March is the perfect month to be a Hoosier basketball fan. Indiana schools spoil us with consistent appearances in college basketball’s big dance and the madness that follows. Often, we’ve had the privilege of hosting some of those March Madness games in our own state capital. We’re even hosting the NCAA Final Four and National Championship games in 2021.

With all that in mind, the last thing you’ll want to worry about is something hampering your March Madness experience should you go to the games. But what if you’re injured at a March Madness game?

For Slips and Falls


As in all injury cases, you have to establish negligence.

Understanding that basic idea is crucial. If you simply slipped and fell of your own accord, you’ll have a difficult time making an argument that the fault lies with anyone but yourself.

In addition—and this may be counterintuitive at a first glance—even if you slipped and fell because of an unaddressed hazard in the stadium, the owners of the premises still may not be at fault.

This is where negligence comes back into play. An unaddressed hazard—such as a minor water spill that just occurred or a brief power outage—may not be the owner’s fault if they haven’t had a reasonable amount of time to address the problem. Such a situation is entirely out of the property owner’s control.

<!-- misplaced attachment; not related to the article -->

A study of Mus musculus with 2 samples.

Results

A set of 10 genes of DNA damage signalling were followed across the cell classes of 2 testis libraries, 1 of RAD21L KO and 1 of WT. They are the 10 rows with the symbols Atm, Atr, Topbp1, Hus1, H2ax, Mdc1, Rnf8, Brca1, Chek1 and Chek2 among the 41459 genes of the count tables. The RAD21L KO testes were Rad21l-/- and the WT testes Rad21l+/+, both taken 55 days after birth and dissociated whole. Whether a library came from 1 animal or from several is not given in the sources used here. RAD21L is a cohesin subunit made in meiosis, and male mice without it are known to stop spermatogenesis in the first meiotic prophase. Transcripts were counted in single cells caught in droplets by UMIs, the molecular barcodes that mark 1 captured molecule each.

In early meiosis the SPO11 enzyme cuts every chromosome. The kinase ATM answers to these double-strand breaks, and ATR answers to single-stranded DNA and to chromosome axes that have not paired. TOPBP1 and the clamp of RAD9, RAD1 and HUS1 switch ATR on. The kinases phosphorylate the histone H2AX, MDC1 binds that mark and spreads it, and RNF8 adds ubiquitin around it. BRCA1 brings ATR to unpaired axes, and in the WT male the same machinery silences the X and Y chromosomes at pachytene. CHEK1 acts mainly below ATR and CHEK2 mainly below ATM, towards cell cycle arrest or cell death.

On the other hand, some situations are because of owner negligence and result in their liability. Examples include:

  • Spilled water left on the floor for a long time, even after those in charge have been notified
  • Poorly-lit entryways or exits left unfixed
  • Proceeding with faulty sound equipment even when it’s known to result in hearing damage for guests

All of these must be situations the owner should have known about or did know about and failed to address in a timely fashion to ensure visitor safety.

If you can establish that negligence, the owner of the premises may be responsible for your injury.

For Event-Related Injuries


Even being a spectator at a sporting event can carry risk.

Owners of stadiums know this, and they often try to anticipate potential liability by putting disclaimers on the backs of tickets and brochures. These address issues such as errant balls or athletes falling into the front row.

In this scenario, it may be more difficult to claim negligence on the part of the owners because, as the ticket holder and event attender, you accepted an amount of risk when you chose to enter the stadium or sit so near the court anyway. This is known as your assumption of risks.

However, it may still be possible to hold an owner accountable if your injury stemmed from something no reasonable fan could expect, such as a scuffle overflowing into the stands or other unruly fans causing harm.

Help from an Indiana Personal Injury Lawyer

An injury shouldn’t ruin your March Madness experience. If you or someone you know has been injured due to a property owner’s negligence, Hensley Legal Group may be able to help. Call us today or contact us online for a free conversation about your claim. Our Indiana personal injury lawyers are here to help.